In the summer of 2013, many activists, like myself, were protesting then-New York Mayor Mike Bloomberg’s stop-and-frisk program, a controversial police tactic that became a centerpiece of his administration. Mayor Bloomberg’s racist policing regime was fueled by both his personal arrogance and the hard-charging style of his police commissioner, Ray Kelly, a former marine. Little did we know, however, that Bloomberg and Kelly were at the time quietly expanding another strategy designed to harass and incarcerate young New Yorkers of color: the NYPD gang database.
A year before, Commissioner Kelly had announced a doubling of the NYPD’s gang unit. Operation Crew Cut, a program where police — in collaboration with prosecutors — surveilled social media and built intelligence on young people they deemed to be gang-involved, was beginning to take shape more publicly. By 2013, Bloomberg’s last year in office, reported stop-and-frisks began to decline while the pivot to tracking and dismantling “crews” was in full swing, even as many anti-violence activists and young men targeted described the tactic as a “virtual stop and frisk.”
Bloomberg had become mayor in 2002, and from 2003 to 2013, the NYPD added over 20,000 people to a secret gang database, according to documents obtained by CUNY Law Professor Babe Howell. The NYPD had operated a gang database with about 5,000 people since at least 2001. And while there may not have been a direct order from Bloomberg to expand the list, all New York City mayors oversee and manage the NYPD, meaning what happens in the department falls at their feet. And under Bloomberg, the police department dramatically expanded the gang database.
More than 99% of those listed during Bloomberg’s administration were non-white. Of those 20,000, 30% were minors when they were added. You could be entered by personnel from the police department, or from intelligence given to the police from the Department of Corrections and even the school safety officers that patrolled NYC public schools.
There was (and remains) no way to find out if you are in the database, let alone challenge your designation as a gang member. The criteria for inclusion, according to Howell’s public-records request, included where you live, who you know, and if you wear certain colors. And, contrary to what one might think of someone who is “gang-involved,” you do not need to be convicted of a crime, according to public records requests and NYPD testimony as recently as 2018.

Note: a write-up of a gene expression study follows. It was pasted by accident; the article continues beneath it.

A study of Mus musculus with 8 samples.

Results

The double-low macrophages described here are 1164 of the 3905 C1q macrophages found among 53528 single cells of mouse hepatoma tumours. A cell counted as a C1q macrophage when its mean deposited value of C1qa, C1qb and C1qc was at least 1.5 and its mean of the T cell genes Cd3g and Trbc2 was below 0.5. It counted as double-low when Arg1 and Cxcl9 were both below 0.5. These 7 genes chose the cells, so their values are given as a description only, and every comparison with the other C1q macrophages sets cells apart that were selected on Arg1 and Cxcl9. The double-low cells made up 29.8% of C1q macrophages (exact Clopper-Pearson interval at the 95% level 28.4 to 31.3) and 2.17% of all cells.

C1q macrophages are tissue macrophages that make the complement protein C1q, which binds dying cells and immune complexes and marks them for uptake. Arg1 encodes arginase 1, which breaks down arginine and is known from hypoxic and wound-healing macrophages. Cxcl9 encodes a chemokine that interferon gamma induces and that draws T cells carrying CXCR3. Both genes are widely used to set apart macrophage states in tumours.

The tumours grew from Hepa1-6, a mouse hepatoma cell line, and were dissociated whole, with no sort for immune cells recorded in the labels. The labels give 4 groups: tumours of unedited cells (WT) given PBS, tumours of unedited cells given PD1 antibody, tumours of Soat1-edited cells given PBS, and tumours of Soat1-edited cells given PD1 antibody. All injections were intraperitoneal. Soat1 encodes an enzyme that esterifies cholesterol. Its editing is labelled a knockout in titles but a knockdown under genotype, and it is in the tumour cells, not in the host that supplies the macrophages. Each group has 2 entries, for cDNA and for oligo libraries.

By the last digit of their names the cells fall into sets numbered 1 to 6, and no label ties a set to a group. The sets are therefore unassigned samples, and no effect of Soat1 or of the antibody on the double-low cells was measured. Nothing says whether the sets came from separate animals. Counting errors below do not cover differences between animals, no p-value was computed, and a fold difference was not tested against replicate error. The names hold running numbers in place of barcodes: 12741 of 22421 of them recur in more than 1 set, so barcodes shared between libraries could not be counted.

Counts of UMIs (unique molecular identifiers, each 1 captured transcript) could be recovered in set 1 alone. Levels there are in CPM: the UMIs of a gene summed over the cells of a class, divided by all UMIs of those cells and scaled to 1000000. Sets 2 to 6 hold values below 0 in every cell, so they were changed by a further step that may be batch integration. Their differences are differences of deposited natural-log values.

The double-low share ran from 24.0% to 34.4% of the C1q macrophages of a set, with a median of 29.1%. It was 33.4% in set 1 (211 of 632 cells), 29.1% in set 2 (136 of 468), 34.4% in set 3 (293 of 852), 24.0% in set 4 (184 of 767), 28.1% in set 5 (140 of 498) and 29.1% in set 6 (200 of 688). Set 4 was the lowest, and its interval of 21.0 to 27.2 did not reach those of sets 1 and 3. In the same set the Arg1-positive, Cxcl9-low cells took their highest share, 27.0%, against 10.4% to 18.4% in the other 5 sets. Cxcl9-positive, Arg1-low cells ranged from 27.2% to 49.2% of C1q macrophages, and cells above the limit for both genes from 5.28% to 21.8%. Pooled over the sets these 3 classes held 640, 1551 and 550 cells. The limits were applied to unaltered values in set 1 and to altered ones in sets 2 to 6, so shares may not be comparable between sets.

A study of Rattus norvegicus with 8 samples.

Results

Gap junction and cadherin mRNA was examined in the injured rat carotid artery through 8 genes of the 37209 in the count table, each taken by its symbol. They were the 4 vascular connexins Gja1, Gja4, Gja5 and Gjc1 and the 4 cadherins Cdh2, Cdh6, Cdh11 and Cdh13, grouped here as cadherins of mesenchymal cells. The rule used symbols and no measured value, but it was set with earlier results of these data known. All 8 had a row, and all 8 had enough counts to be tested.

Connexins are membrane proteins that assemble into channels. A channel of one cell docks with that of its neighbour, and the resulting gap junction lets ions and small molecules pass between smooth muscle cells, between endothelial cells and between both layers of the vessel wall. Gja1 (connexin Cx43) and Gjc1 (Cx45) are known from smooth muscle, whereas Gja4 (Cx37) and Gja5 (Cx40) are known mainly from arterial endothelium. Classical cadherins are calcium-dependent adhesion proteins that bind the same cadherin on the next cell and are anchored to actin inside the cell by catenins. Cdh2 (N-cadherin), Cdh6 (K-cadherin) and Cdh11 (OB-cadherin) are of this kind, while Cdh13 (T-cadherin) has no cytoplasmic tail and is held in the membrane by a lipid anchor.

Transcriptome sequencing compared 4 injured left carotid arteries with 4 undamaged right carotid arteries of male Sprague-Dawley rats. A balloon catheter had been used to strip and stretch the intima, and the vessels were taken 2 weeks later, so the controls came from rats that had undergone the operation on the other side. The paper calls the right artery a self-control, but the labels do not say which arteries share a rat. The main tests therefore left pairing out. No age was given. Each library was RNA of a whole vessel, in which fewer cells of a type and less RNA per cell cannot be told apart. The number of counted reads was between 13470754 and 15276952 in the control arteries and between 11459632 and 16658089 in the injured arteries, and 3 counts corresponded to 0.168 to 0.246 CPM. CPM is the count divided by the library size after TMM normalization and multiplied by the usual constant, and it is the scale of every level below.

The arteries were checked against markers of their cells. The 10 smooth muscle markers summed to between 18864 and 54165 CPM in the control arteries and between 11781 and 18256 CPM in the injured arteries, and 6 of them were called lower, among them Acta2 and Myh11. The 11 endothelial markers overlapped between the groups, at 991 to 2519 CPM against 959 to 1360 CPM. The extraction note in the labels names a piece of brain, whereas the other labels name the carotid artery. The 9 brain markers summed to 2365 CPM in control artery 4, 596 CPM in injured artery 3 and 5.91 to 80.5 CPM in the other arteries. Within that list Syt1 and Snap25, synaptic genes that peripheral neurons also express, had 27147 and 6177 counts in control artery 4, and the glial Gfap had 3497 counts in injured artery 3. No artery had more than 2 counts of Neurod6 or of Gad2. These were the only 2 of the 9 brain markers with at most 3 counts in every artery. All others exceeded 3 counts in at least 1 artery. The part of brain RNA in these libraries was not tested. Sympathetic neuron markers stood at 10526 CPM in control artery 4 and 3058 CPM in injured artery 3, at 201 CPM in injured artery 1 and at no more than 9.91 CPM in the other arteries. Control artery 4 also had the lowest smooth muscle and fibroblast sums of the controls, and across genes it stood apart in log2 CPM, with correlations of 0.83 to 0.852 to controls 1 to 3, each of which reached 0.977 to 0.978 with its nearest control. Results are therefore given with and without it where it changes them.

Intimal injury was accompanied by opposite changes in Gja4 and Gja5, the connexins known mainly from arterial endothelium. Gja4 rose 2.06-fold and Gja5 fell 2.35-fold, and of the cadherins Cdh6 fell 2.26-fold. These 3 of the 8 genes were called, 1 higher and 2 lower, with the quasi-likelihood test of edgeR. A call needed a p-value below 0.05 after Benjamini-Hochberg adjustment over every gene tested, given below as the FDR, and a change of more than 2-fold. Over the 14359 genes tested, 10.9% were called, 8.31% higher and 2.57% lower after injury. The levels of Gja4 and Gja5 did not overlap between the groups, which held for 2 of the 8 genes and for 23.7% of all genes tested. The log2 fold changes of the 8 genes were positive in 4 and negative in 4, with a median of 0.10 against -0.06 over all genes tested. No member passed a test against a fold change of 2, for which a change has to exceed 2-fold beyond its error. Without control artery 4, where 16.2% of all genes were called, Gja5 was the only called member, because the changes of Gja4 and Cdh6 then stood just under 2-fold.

As Bloomberg and Kelly faced mounting public pressure against stop-and-frisk, as well as their Muslim mapping program, the NYPD was beefing up its Juvenile Justice division, which increasingly monitored social media and lumped youth together as “crews” — informal associations that prosecutors began to charge like organized criminal syndicates.
The NYPD’s turn to a more expanded and sophisticated gang enforcement apparatus during this time conflicted with the fact that alleged gangs account for a tiny fraction of overall crime in the city. And cataloging people in the gang database could result in serious consequences: enhanced bail in court, increased harassment on the street, exclusion from public housing and, most notably, being swept up in so-called “gang takedowns” — militarized police sweeps.
Bloomberg’s police department set the stage for ramped-up gang enforcement, and under Mayor Bill de Blasio (who is currently repudiating Bloomberg’s legacy as a surrogate for presidential candidate Bernie Sanders), the NYPD took full advantage of it. Under de Blasio, the department added over 17,000 people to the database in just a 5‑year span, a faster rate than under Bloomberg.
Dubbing the approach “Precision Policing,” de Blasio’s NYPD went on to launch the largest gang takedown in the city’s history just five months into his first term. That 2014 takedown in Harlem netted 103 indictments and raised serious concerns among residents and family members who wanted the city to invest resources into the neighborhood — not gang raids. Less than two years later, de Blasio’s NYPD helped break that record with mass arrests and the indictment of 120 mostly young Black men in a federally-assisted gang takedown in the Bronx.
This “Bronx 120” takedown became the focus of a blistering report by Howell that showed most people arrested weren’t accused of violence and weren’t even deemed gang members by prosecutors. The operation saw Homeland Security armored cars parked in the middle of housing projects and led to dozens being charged under RICO, the federal strategy devised in 1970 to counter the Mafia. One of those arrested, Kraig Lewis, a post-grad student in Connecticut that grew up in the Bronx, became the focus of a documentary, Trouble Finds You, about his journey to federal prison and back after being charged with racketeering.
Gang databases around the country have recently come under increased scrutiny, not unlike stop-and-frisk. In Chicago, local activists have led a campaign to abolish their city’s gang database, and in California, elite police units have been accused of falsifying records to tag people in their database. As such, Bloomberg’s legacy of overseeing a massive expansion of New York City’s gang database must be remembered alongside the injustices of stop-and-frisk.
For those who care about racial and social justice, one has to wonder if Bloomberg will ever be forced to account for how police criminalize communities of color under the banner of fighting gangs. At the controls of the federal government, which under Donald Trump has ramped up gang crackdowns as part of its immigration policy, history tells us that a potential President Bloomberg would bolster an already discriminatory federal gang database system. This prospect presents a dangerous scenario for both Black and immigrant communities.